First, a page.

I have a Robotic Arm with a camera mounted above it looking down at a slight angle.

Assuming I know the height of the camera, the angle of tilt and the small distance from the center of the robot which is considered (0, 0) what else would I need to convert the image coordinates to the distance from the center of the robotic arm?

I am also assuming all the objects will have a z=0 because they will be sitting on the same platform as the arm.

I have the inverse kinematics worked out to control the arm, I just need to give it coordinates to move to.

If it helps I am using Python and OpenCV.

Edit: Clarification

  • 1
    $\begingroup$ Image coordinates will correspond to a vector in world space. The vector will go from the camera image origin, through the pixel coordinates in the image plane. How will you know where along the vector you want the arm to go? $\endgroup$
    – Ben
    May 8, 2017 at 1:28

1 Answer 1


A quite simple math is involved in this task, but you need to be aware of the pinhole camera model as well as of the homographic projection.

The pinhole camera model gives you the 3D position $(x,y,z)$ of a point in the space whose projection in the image plane corresponds to the $(u,v)$ pixel at a distance $\lambda$ from the image plane (considered infinite):

$$ \left( \begin{array}{c} x \\ y \\ z \\ 1 \end{array} \right) = \Pi^\dagger \cdot \left( \begin{array}{c} \lambda \cdot u \\ \lambda \cdot v \\ \lambda \end{array} \right), $$

where $\Pi^\dagger$ is the pseudoinverse of the matrix $\Pi \in \mathbb{R}^{3 \times 4}$ that incorporates both the intrinsic parameters of your camera (i.e. the focal length, the pixel ratio and the position of the principal point) and the extrinsic parameters accounting for the position of the camera reference frame expressed in the world frame (i.e. a $\mathbb{R}^{4 \times 4}$ roto-translation matrix).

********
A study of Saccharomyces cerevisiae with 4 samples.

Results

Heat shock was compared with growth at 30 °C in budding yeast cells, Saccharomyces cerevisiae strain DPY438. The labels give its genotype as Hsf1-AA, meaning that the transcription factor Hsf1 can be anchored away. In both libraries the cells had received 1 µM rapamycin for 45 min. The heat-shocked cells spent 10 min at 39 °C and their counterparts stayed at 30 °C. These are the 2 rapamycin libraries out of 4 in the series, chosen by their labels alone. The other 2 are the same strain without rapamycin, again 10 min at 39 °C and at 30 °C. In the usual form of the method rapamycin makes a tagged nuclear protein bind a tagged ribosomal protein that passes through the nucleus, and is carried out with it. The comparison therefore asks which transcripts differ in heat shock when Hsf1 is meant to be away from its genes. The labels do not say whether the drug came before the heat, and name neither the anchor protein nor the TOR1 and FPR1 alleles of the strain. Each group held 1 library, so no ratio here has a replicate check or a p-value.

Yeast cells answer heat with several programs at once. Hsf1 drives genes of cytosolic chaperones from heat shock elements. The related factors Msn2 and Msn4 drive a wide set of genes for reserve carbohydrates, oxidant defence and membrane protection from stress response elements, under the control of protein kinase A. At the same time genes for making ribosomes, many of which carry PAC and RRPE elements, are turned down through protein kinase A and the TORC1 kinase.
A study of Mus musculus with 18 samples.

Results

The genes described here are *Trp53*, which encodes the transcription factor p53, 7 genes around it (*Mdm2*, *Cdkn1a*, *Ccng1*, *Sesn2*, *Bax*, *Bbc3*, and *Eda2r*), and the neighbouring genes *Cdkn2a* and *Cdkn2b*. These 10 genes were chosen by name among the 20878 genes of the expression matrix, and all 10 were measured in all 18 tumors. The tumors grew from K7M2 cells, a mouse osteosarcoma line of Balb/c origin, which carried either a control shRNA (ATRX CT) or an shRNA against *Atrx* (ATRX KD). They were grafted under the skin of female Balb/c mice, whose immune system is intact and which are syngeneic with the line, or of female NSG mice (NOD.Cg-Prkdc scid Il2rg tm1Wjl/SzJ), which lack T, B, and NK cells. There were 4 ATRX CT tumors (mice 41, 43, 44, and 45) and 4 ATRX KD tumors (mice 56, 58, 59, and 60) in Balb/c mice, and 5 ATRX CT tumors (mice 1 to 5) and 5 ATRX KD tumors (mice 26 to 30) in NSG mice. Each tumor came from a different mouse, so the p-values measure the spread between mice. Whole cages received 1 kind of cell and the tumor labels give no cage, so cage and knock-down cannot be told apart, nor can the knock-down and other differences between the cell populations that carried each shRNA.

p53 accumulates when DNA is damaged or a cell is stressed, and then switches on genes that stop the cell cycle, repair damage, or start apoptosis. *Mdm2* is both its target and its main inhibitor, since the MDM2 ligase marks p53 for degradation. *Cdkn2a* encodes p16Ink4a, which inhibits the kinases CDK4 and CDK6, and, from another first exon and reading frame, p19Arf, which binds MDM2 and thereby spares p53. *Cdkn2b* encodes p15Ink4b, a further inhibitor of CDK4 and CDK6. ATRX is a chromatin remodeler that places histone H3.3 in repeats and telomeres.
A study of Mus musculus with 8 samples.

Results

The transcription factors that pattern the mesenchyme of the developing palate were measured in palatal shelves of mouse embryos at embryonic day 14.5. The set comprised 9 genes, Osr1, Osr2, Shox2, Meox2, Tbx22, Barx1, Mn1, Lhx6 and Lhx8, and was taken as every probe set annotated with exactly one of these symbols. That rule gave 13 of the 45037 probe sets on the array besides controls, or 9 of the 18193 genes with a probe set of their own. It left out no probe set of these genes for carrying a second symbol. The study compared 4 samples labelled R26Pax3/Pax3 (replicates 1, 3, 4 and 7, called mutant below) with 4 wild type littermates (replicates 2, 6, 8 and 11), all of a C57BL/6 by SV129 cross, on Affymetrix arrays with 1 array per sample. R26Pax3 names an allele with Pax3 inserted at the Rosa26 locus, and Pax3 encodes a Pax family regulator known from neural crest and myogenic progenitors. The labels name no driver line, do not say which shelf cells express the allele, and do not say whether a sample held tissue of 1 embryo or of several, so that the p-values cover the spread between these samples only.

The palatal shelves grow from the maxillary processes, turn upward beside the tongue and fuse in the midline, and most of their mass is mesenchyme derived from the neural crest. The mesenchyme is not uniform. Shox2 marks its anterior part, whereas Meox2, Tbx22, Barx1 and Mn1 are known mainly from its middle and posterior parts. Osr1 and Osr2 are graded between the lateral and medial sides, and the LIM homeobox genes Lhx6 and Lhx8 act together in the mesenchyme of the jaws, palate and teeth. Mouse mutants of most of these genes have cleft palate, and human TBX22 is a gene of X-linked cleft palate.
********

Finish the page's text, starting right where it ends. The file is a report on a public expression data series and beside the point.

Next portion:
You have now to use the concept of homography, because you know that the object of interest lies on the plane $z=0$.

To do so, let's define the following quantities:

  • $\mathbf{p}_0$, a point in the plane $z=0$; in particular, $\mathbf{p}_0=(0,0,0)$ is fine.
  • $\mathbf{z}$, the normal to the plane $z=0$, that is $\mathbf{z}=(0,0,1)$.
  • $\mathbf{c}$, the 3D position of the camera frame expressed in the world frame.
  • $\mathbf{p}_1$, a 3D point that corresponds to the pixel $(u,v)$ at a distance $\lambda=1$.

Your final point $\mathbf{p}^*$ is therefore:

$$ \mathbf{p}^*=\mathbf{c}+\frac{(\mathbf{p}_0-\mathbf{c}) \cdot \mathbf{z}}{(\mathbf{p}_1-\mathbf{c}) \cdot \mathbf{z}} (\mathbf{p}_1-\mathbf{c}). $$

That said, the strong assumption we're making here is that the object of interest is squashed on the plane $z=0$, that is it has a null height, which is not reasonable. To compensate for that, you could include such an information in the above process and replace the plane $z=0$ with $z=h$, where $h$ represents a suitable height.